Thanking your audience in any presentation is a bad idea, and a hard one to resist because it’s counter-intuitive.
I just coached a winning sales pitch in the multiple hundred million dollar category. It was a team of professionals in the boardroom of decision-makers. There were oodles of dollars on the table and our client was feeling really fortunate just to be one of the three or so firms competing for this job. They wanted to say, “Thanks for the opportunity to present ourselves for this project.”
And we said, “No.” It was a hard sales presentation skills concept to sell, but it played a role in winning.
They thought our perspective was disrespectful to the client, and a one-eighty from their instincts. So I’m going to distill the forty-minute heated conversation to a few hundred words so you can grasp it now, when you’re not in the hot-seat like they were.
We spent some time talking about who this day was about – the day of the pitch. “It’s about them,” they said, wisely… well, almost wisely.
The wise part was the statement, “It’s about them.” That was spot on. The “almost” part was that they didn’t really mean it. They were there for themselves.
When your entire year of sales goals can be achieved in March, you’re sitting pretty – if you land such a big fish.
If you do, you’re set in the first quarter, and the entire rest of the year is gravy. This is a sweet project and you’re going to look great for reeling it in. It probably means a promotion. It certainly means a bonus. And everyone on the team wants to do this work… badly.
So how can this not be about you? It’s psychologically very difficult not to walk in wanting the job. Just like it’d be hard to go to a job interview not wanting the offer. But this is exactly what I’m saying, hard as it may be to grasp.
Don’t go to a sales pitch to get a job!
Go to a sales pitch to help the client make an important decision.
We asked our client a few questions to get them to understand this:
- “Who has the problem that led to this sales opportunity?” (The prospect does.)
- “Would this problem have existed for your client regardless of whether or not your company ever existed to serve such needs? (Yes, their problem would exist regardless.)
- “Does the client have any stakes in the game regarding getting this need met?” (Yes, they do.)
- “Are the stakes bigger for you, or for them?” (It’s bigger for them. We’re only a portion of the budget, and they face politics, and business issues that hinge on this being successful.)
- “Would you go out of business without this opportunity?” (No. We have other possibilities.)
- “Who has invested more at this point in the project? Your prospect, or you?” (The prospect. This affects their whole business. We have 3 weeks in preparing to win the contract.)
If you can get behind the very idea of being there for them instead of yourselves, you can be in an entirely different state of mind. They have the problem, and you are there to help them solve it. That is a better mindset for selling. That’s more like consulting, instead of begging. “Please-please-please-please-please pick me! I’m the best. I’m the BEST!”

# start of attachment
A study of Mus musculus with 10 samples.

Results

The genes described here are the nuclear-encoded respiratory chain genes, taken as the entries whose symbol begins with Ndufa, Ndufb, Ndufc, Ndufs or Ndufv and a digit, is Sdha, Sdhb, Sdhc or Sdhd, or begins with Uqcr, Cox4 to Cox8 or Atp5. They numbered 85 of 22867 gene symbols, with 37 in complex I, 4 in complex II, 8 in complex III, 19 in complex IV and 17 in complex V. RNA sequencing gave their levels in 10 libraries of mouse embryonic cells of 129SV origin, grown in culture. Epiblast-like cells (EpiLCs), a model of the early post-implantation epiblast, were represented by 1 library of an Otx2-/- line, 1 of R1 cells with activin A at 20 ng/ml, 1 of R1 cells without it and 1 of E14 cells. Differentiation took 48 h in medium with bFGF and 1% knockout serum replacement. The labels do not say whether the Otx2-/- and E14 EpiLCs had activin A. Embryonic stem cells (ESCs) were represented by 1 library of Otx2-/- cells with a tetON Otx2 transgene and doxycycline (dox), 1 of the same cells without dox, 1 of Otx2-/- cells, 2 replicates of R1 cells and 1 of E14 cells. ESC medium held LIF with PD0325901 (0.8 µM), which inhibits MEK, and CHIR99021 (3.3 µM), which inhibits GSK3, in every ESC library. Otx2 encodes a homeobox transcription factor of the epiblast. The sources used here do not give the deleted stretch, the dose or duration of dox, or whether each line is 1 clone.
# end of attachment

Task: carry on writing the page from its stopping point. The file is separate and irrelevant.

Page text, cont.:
The classic sales scenario has the prospect in an “up” position, relative to the suitor for the job, who’s in the “down” position. Consulting puts you at a more equal position with the prospect. “We’re here to help you by sharing our expertise so that your project can succeed.” That’s better for your mindset, and it’s hard to resist if you’re the one choosing.
As far as I know, I’ve never hired a house-painter because I thought he really needed the money. I’ve never hired a lawyer because I thought my case would help his year-end bonus. I never hired a financial adviser because it was a tough economy and my dollars would help him put his daughters through college. I hire people because they can help me and because they seem passionate about overcoming my obstacles with me, and for me, and helping me get to the place I want to go.
Which brings us back to “Thank you.” What does that mean?
Thank you for the opportunity to be one of the firms chosen to interview for this project…
– means –
This is about me possibly getting your money, and I’m grateful because I need it.
I don’t want you to think that I’m only here because I want your money. And I myself don’t want to feel desperate. I want to be here for you, to help you with your challenge, by sharing my expertise.
I go to presentations honored to be a part of this important decision. I go to the presentation excited about how unique, or critical, this project is. I show up passionate about sharing my insights and recommendations so that they can make the best decision for their project, and so they succeed.
At the close, I may “admit” that I really hope to be selected – because I want them to know that I do want the job – however I will definitely stress that this is not what is most important today.
Today is about them getting all the information they need to make a good decision. And I might pledge to continue being available to them to share insight and expertise regardless of how they decide to go on this project.
These things altogether say that I am here for them and want what’s best for them. I may benefit, but I’m here today for them.
How could you not want that if you were the decision-maker?
Don’t thank your audience of decision-makers. Be excited about helping them. Express your honor to be part of their important day, and pledge that you’re there for them regardless. Don’t allow “thank you” to place yourself in the down-state below them, needing them. Instead, your excitement, you’re honor, and you’re desire to help them will level the playing field, and increase your odds of being favored over your competition.
Please share this post with others, and give SagePresence your opinions and experiences in the high-pressures of sales presentations.